Port-au-Prince - Haiti’s Department of Civil Protection in partnership with the UN Development Programme (UNDP) has been working non-stop to assist flood-affected families in the northern city of Cap-Haitien and other neighbouring towns following heavy rains, floods and landslides that killed 17 people, five of them children. More than 15,000 houses were flooded, 90 were destroyed and 800 were severely damaged. Over 6,500 people are temporarily housed in emergency shelters.
The recent floods have also affected over 2,200 hectares of crops in one of the country’s most fertile areas.
“This hurricane season is nearly over and has been relatively mild in Haiti, but the recent storms have once again showed the country’s vulnerability to natural disasters,” said UNDP Haiti Senior Country Director Sophie de Caen, adding that UNDP and the UN family have been immediately working with the Government to mobilize resources and provide support to the most affected populations.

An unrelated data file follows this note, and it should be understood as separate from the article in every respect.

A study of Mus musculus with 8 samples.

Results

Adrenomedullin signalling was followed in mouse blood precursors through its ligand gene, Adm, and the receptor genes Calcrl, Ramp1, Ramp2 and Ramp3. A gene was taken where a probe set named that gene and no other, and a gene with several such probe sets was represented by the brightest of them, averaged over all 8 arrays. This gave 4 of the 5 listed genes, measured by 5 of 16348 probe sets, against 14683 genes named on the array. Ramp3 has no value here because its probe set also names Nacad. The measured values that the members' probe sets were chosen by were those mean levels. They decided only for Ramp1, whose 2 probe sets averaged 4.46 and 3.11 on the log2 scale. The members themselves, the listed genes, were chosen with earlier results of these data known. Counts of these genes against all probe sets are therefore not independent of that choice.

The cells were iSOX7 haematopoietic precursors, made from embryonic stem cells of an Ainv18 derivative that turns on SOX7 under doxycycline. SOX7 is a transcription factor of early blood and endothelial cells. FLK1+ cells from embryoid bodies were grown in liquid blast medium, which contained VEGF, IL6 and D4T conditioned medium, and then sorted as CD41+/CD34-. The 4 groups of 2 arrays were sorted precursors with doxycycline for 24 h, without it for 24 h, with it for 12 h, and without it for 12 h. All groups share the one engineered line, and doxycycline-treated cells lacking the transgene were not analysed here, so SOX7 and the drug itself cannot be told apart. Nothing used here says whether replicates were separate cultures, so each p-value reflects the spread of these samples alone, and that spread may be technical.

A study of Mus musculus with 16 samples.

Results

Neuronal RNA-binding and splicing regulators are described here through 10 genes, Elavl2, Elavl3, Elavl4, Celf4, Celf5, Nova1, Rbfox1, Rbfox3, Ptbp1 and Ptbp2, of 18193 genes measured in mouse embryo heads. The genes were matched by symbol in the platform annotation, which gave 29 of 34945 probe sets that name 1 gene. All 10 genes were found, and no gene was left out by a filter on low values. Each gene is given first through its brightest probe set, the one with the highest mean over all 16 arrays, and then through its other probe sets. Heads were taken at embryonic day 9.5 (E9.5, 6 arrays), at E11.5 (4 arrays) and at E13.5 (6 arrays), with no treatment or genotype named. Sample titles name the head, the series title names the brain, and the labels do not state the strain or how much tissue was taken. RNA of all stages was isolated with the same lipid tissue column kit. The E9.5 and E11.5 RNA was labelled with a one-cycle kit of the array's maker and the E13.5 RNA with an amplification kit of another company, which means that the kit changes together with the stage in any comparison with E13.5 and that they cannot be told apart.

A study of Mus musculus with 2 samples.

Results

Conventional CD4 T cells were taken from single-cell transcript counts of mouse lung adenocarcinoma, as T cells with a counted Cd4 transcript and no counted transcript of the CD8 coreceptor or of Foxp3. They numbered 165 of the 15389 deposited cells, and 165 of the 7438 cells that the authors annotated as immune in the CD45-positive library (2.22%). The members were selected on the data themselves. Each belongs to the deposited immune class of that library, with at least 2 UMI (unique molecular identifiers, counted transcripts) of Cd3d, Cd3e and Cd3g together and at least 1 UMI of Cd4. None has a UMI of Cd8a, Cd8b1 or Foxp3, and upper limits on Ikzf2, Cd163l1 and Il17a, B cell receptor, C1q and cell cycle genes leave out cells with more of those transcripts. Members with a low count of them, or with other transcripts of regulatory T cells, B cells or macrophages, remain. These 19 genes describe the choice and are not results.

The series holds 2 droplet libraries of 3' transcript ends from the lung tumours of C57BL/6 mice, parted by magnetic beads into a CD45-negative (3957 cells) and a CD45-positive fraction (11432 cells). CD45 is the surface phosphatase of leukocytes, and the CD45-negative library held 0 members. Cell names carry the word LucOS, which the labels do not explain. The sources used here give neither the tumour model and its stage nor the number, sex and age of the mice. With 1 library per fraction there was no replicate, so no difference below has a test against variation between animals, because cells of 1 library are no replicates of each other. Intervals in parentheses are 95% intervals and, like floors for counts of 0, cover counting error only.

”However, these floods actually showed that Haiti is strengthening its disaster prevention capacity: as a result of UNDP’s work to improve Haiti’s Civil Protection Department and its effectiveness, the response to the recent floods was entirely led by national authorities.”
Moreover, around 40 UNDP experts work directly with the Government and its Emergency Operation Centers at the national and local levels.
To mitigate the impact of floods and other natural disasters, UNDP and the Haitian Government have also planted close to nine million trees and worked with farmers to plant more resistant crops that prevent erosion. In addition, flood mitigation measures have been improved, using watershed management tools and protecting riverbanks.
“It is clear that the Government’s recent efforts with its partners—including UNDP—to boost resilience, particularly in the north and northeastern areas, are a step in the right direction,” de Caen said.